Great Neck parents learn to navigate ‘the minefield’ of adolescence

Great Neck parents learn to navigate ‘the minefield’ of adolescence
Rena Gombo, a mental health counselor and parenting educator, spoke to a room of parents on Tuesday night, hoping to help them better "navigate the minefield that is adolescence." (Photo by Janelle Clausen)

More than 50 parents attended “Navigating the Minefield that is Adolescence” at Great Neck North High School on Tuesday night, hoping to learn how to do just that: manage parenting their pre-teens and teenagers.

The event, sponsored by the United Parent Teacher Conference’s Health Education Committee, was hosted by Rena Gombo, a school psychologist and mental health counselor.

“Raising teenagers is not like raising children,” Gombo told the crowded room of parents.

Gombo said that the reactive and impulsive actions of teenagers can be attributed partially to flare-ups in hormones, but also the fact that grey matter in the brain is still developing, as are the parts of the brain responsible for judgment, planning and self-control.

She also said that teenagers are also in a phase where they are forging their own paths and trying to be independent, but they often “don’t understand” that parents can be in their lives at the same time.

“It’s like a mini-hurricane,” Gombo told the room of parents.

Consequently, Gombo said it is important for parents to choose their battles and validate the feelings of their children. Bad reactions can prompt worse reactions from teenagers, going in an endless cycle that can damage the relationships, she said.

“You are looking to avoid explosions in adolescence… The whole goal is to keep the relationship,” Gombo said.

With regard to social media, Gombo listed a litany of positives and negatives.

Teens go out less and thus get into less trouble, pregnancy decreases, and it helps people connect that otherwise would have trouble doing so. But in excess, it also drastically increases the risk of unhappiness and depression.

Gombo said that children need their phones today, because their whole “social strata” is there and it can be needed for homework.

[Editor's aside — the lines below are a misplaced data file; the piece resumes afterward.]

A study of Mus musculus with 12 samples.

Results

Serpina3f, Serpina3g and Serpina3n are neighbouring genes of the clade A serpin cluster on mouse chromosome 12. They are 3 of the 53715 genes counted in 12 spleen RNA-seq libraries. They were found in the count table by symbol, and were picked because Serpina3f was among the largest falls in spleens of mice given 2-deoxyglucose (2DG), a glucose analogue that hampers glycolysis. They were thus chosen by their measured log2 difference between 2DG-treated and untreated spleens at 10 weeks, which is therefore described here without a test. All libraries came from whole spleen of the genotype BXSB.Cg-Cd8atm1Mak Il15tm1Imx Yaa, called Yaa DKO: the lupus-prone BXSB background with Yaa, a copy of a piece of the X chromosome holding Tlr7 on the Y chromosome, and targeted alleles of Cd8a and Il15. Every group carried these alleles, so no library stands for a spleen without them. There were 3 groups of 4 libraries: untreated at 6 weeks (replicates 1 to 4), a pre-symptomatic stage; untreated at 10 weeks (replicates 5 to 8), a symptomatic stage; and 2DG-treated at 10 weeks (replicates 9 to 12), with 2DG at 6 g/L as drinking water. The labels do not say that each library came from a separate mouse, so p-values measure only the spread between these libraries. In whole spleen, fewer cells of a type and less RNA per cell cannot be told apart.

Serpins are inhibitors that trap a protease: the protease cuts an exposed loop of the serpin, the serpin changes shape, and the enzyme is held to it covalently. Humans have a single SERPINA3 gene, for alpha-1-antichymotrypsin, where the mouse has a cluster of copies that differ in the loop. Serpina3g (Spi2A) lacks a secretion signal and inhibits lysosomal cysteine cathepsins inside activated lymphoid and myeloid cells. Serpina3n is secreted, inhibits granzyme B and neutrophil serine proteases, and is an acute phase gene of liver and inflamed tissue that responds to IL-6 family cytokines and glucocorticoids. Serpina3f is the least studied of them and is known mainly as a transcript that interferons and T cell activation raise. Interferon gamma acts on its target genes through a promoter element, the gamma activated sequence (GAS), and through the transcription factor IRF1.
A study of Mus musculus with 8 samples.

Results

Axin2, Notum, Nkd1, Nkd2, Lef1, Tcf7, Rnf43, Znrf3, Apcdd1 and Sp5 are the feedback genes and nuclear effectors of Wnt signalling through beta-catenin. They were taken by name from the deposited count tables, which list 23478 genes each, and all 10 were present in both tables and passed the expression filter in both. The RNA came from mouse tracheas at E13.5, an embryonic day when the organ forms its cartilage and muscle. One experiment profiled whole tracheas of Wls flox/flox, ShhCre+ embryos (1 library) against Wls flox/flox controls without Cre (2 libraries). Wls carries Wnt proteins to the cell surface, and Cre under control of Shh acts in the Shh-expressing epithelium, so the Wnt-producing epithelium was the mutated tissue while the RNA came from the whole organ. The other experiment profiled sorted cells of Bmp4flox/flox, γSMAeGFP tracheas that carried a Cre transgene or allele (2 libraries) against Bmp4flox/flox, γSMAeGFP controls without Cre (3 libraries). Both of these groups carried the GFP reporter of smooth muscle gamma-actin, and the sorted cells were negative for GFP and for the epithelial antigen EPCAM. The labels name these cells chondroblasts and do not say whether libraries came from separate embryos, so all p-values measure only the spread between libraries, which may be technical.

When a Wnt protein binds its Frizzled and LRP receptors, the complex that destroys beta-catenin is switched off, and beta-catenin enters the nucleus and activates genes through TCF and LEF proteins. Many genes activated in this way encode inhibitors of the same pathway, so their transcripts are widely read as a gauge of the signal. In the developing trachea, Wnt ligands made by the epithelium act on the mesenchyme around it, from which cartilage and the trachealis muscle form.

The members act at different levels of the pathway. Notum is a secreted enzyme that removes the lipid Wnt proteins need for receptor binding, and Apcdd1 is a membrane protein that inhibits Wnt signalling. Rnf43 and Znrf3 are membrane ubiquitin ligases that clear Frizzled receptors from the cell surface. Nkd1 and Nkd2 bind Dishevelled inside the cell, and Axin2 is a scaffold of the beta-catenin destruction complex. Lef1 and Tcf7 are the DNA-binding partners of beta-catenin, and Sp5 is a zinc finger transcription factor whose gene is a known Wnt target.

That doesn’t mean that parents can’t set some rules for their children though, both with electronics and in general, Gombo noted. She recommended that parents stick to two or three important rules with consequences.

“It’s not the rules, it’s the consequences of the rules,” Gombo said.

There are times where parents will want to help their children with problems like poor self-image, Gombo said. But parents can gently approach it, saying something like “I wish you felt prettier,” because teenagers will often reject statements contrary to what they’re feeling.

“We have to let our teenagers know we are here without the constant badgering and the comments,” Gombo said, noting that parents tend to talk “at” teens rather than “with” them.

Ultimately, Gombo said that the children will have to figure out many things on their own, but assured parents that this turbulent period in parenting will pass.

“Adolescence is temporary,” Gombo said. “It feels endless and that it’s never going to go away, but it does.”

Sullay Mazzarelli, one of the parents who attended, said she came in with many questions but many good answers on how to parent her 12-year-old daughter and communicate with her better.

“The thing is, being a parent, as a mother, you always think that you have to control everything,” Mazzarelli said. “But I learned today that I can’t control everything.”

Claudine Sarraf Amirian and Jenia Yashaya, the co-chairs of UPTC’s Health Education Committee, said that the event went even “better than expected” and that they hope to have another event like this sometime in the spring.